Friday, June 9, 2017

Making Old Books New Again

How do you make what’s old seem new?

There are many books that are now in the public domain due to the copyright laws – or lack of them at the time of publication.  Anyone can publish these books at any time.  Could there be gold mined in these old books?

Some publishers have been reprinting such books for decades, even centuries.  This is why so many publishers have dueling copies of Shakespeare, The Bible, and other classics.  They don’t have to do anything except cash a check, however many publishers will seek to put their unique thumbprint on a book by adding commentary and analysis to it.  Or they’ll insert illustrations and decoratively redesign or colorfully repackage the book.  They’ll make a special edition with glossy pages and a well-crafted hardcover casing.

Five years ago I had the pleasure of working with Pamela McColl, who did something quite creative when it came to reissuing a public domain work.  She took the children’s classic ‘Twas The Night Before Christmas, and edited out a handful of references to Santa’s pipe and commissioned fresh illustrations absent the puffing Santa. It was a smoke-free version. We got coverage from The Colbert Show, The View, Today Show, AP, NY Post, LA Times, Vanity Fair, USA Today and the WSJ.  It was a clever idea, a great a marketing maneuver, and a society-serving act of good will.

I will have the pleasure of working with her again through the public relations firm I’ve spent the last 18 years, this time to promote a 96-year old classic, The Boy Who Lived in Pudding Lane. It tells the story of how Santa came to be, dating back to when, as a little boy and the son of a poor baker, he started making toys and giving them away to his siblings, then his town, and eventually the world.

So much can be done with older books. You can do the following:

·         Issue updated material, commentary, or related stories side-by-side to the original content.
·         Add or change illustrations and visuals.
·         Include a sequel or related material like a coloring book, study guide, or audiobook.
·         Alter the text and modernize it.
·         Merely reprint them as they were and bring out-of-print books back in circulation, perhaps for a special anniversary or as a tie-in to an event.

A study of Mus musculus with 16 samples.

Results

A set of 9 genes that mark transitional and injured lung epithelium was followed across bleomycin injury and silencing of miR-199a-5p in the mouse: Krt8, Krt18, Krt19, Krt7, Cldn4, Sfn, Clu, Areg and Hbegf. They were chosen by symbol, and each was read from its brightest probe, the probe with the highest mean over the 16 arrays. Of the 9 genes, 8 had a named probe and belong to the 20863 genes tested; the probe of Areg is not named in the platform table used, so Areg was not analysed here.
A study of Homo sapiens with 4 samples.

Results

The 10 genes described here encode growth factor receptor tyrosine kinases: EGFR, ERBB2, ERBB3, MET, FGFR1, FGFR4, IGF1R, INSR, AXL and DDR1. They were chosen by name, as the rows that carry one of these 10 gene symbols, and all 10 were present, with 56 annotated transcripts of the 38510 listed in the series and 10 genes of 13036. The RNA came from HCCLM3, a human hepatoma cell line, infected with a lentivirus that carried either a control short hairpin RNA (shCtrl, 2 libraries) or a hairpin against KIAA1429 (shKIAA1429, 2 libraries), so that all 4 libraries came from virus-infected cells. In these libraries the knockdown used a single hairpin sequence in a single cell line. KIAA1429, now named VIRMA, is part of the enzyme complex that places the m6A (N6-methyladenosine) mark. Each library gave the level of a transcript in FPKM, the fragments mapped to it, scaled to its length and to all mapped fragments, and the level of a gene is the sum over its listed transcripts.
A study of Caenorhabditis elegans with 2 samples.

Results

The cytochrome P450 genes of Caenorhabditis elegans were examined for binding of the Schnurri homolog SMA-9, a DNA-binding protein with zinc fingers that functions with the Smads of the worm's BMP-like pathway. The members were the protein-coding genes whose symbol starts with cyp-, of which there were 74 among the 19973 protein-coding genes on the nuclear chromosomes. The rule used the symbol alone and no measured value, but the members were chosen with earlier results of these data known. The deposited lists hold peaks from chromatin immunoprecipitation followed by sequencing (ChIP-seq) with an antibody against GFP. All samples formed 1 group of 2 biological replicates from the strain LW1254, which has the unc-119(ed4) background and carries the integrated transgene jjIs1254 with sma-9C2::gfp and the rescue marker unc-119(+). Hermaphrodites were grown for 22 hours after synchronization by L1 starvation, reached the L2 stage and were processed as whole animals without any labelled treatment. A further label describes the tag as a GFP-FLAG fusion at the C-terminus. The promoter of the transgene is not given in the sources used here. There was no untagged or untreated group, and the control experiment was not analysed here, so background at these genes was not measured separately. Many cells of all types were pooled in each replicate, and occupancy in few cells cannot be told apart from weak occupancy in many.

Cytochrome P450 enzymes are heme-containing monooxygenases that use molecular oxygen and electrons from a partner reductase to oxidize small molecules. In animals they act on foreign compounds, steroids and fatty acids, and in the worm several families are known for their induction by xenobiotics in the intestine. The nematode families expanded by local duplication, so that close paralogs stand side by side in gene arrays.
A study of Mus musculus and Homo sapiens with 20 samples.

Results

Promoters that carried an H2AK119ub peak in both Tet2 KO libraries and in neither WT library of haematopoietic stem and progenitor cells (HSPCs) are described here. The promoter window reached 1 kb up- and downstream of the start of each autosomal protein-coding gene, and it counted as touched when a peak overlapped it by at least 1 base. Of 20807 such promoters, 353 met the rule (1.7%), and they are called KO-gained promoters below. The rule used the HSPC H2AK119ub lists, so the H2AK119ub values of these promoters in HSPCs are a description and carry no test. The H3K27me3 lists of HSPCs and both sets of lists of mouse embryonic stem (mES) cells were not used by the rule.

As time goes on and everything is digitized – and if more people gravitate to e-books – the notion of re-releasing old books may not be as big of a deal, but for now, there’s still a news-making marketplace for such books.  

Go find a story that hasn’t been told in a century and give it new life.  You may just have an original idea here.

Recent Posts
How can authors make good use of their network to sell books?

10 Ways To Effectively Approach Book Publicity

What Does It Really Take To Hit A Best-Seller List?

Trends in book sales influence how authors handle marketplace

Why do some authors refuse to pursue achievable and productive media coverage?

Do you take responsibility for your book PR?

10 Lessons For Authors-Turned-Bloggers

12 Big Threats to Free Speech

These are the choices authors must make

An author primer on how the news media works

Can you market your book for five minutes a day?

Does Your Subject Line Stink?

Should authors Use Twitter or Facebook?

How Big Book Marketing Comes From Small Things

Do You Promote Your Book Outrageously?

Do You Support The Bookism Movement?

What Color Is Your Book Marketing Parachute?

Your 2017 Complete Author Book Marketing & PR Toolkit

Brian Feinblum’s views, opinions, and ideas expressed in this blog are his alone and not that of his employer. You can follow him on Twitter @theprexpert and email him at He feels more important when discussed in the third-person. This is copyrighted by BookMarketingBuzzBlog 2017©. Born and raised in Brooklyn, now resides in Westchester. Named one of the best book marketing blogs by Book Baby 

No comments:

Post a Comment

Note: Only a member of this blog may post a comment.